Can blackberries cure diarrhoea?


DOES IT WORK?BACKGROUND Walking through fields containing brambles will these days often have the benefit of finding wild blackberries. The scientific name, Rubus fruticosus, reflects the long use of the berries as fruits. They were eaten all over Ireland, and widely used in jams and tarts.

Blackberry brambles were valued so much that they were protected under the old Irish Brehon Laws. This made it unlawful to clear a field of all its brambles, reflecting early wisdom about the long-term effects of clearing land. There is also an old belief that blackberries should not be eaten after Halloween. The story was that the púca would spit or pee on the berries after this, making them inedible. Again, the old ways contain some wisdom as moulds can grow on the berries later in autumn which can produce toxins.

Blackberries were also one of the earliest fruits used for medicinal purposes. Records from the 1500s note that blackberry juice was used around Europe to treat infections of the mouth and eyes. The juice has been said to restore energy and

vigour, especially for women. The leaves and roots of the shrub were used to treat diarrhoea and dysentery. Such uses have been receiving renewed interest, especially with the availability of blackberry teas and other supplements.


Studies of blackberries have found that they are highly nutritious, containing vitamin C, vitamin K, beta-carotene (the precursor for vitamin A) and numerous minerals. One hundred grams of fresh blackberries would give 35 per cent of the daily vitamin C requirement, 25 per cent of the vitamin K requirement and 21 per cent of dietary fibre. Blackberries are high in seed content, which some people don’t enjoy. However, the seeds are a good source of omega-3 and omega-6 fats.

Medicinally, most interest has been generated by the polyphenolics contained in blackberries. These compounds are found in many plants and come in many different varieties. The black colour in the fruit is due to anthocyanins, which are potent antioxidants. These compounds are known to be generally beneficial for health and preventing disease. A review of more than 1,100 foods commonly consumed in the US found that blackberries had the highest antioxidant content per serving. One serving of blackberries was one cup or about 150g. However, the values for different varieties of blackberries varied considerably. These findings support the traditional value placed on blackberries as an important food.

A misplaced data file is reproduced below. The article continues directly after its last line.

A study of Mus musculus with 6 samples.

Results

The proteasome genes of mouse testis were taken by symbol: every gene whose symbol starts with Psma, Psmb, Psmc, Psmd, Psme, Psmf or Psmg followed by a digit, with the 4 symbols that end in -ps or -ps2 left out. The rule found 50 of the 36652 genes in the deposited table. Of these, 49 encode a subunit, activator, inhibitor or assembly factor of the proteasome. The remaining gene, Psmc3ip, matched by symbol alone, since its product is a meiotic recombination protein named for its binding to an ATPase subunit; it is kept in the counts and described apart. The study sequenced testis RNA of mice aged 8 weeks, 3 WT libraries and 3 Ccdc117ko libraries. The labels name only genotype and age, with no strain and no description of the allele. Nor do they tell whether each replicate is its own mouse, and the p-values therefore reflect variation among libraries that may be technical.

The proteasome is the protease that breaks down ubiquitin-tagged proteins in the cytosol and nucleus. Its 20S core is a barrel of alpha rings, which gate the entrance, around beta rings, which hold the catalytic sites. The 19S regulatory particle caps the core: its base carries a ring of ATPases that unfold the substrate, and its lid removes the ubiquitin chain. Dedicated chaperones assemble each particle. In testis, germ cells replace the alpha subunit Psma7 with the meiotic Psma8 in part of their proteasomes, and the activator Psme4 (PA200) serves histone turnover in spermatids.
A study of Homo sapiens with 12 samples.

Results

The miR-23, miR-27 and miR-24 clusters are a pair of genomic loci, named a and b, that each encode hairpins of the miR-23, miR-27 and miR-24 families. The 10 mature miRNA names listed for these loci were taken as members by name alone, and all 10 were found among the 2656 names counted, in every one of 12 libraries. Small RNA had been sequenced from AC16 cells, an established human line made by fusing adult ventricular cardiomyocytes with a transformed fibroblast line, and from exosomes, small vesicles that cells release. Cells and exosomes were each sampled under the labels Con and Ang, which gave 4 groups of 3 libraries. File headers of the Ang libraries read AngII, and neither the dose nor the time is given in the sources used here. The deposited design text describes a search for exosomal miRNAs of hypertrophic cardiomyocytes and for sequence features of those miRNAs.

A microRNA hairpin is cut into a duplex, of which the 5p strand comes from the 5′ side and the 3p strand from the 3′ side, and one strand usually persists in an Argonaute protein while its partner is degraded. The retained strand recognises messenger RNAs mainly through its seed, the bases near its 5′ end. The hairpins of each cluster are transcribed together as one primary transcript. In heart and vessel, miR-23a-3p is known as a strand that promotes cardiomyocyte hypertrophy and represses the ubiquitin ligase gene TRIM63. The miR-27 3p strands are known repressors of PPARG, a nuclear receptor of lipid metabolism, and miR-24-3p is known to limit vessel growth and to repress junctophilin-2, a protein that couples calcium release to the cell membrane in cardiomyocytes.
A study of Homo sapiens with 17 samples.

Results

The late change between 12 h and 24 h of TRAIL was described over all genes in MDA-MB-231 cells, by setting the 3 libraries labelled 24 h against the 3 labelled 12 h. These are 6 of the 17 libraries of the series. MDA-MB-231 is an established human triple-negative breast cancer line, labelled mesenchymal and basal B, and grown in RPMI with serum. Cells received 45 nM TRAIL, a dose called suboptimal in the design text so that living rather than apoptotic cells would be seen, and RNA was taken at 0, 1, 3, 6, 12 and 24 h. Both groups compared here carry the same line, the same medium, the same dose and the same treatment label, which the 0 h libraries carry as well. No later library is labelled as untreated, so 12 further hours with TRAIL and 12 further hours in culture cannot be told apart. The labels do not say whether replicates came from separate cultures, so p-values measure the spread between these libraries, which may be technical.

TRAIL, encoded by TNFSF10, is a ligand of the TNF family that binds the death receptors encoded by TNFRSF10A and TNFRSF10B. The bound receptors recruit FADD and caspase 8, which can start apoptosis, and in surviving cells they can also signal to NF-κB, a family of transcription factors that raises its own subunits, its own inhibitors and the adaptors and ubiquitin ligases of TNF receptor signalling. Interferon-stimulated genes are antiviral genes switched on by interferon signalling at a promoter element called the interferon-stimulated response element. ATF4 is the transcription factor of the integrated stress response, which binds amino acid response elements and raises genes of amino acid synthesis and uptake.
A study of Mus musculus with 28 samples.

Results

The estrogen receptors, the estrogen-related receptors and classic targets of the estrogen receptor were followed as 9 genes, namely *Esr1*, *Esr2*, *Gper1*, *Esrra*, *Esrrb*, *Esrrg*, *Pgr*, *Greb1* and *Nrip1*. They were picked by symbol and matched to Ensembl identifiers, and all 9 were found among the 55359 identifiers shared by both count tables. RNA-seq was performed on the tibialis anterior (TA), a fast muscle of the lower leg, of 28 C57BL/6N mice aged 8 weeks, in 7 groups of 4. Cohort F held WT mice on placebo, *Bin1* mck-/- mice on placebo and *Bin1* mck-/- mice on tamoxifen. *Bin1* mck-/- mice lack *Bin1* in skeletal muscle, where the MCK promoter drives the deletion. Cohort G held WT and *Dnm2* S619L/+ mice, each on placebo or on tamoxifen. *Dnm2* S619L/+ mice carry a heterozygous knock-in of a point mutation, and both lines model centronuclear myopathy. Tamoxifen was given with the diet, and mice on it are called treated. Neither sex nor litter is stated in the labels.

In spite of widespread research on the nutritional aspects of blackberries, very little research has been conducted on the medicinal uses. A search of the published research uncovered only a few preliminary studies, and all of these in animal models. The leaves and roots have astringent properties, which leaves a bitter-dry taste of strong tea. This can also lead to constriction of various tissues. This lends theoretical support to the possibility that blackberry teas might help with diarrhoea, but no studies have been published which report on this use.


No adverse effects have been reported after the medicinal use of blackberries. The nutritional value of the berries makes it well worth putting up with the thorns and scratches to gather some at this time of the year. Unfortunately, those arriving in shops come at a high price. All of the supportive research to date has been done with fresh and cooked blackberries and blackberry juice. Blackberry teas and supplements have not been included in these studies. Given the lack of research on their medicinal use, the effectiveness of blackberries for any particular condition remains unclear.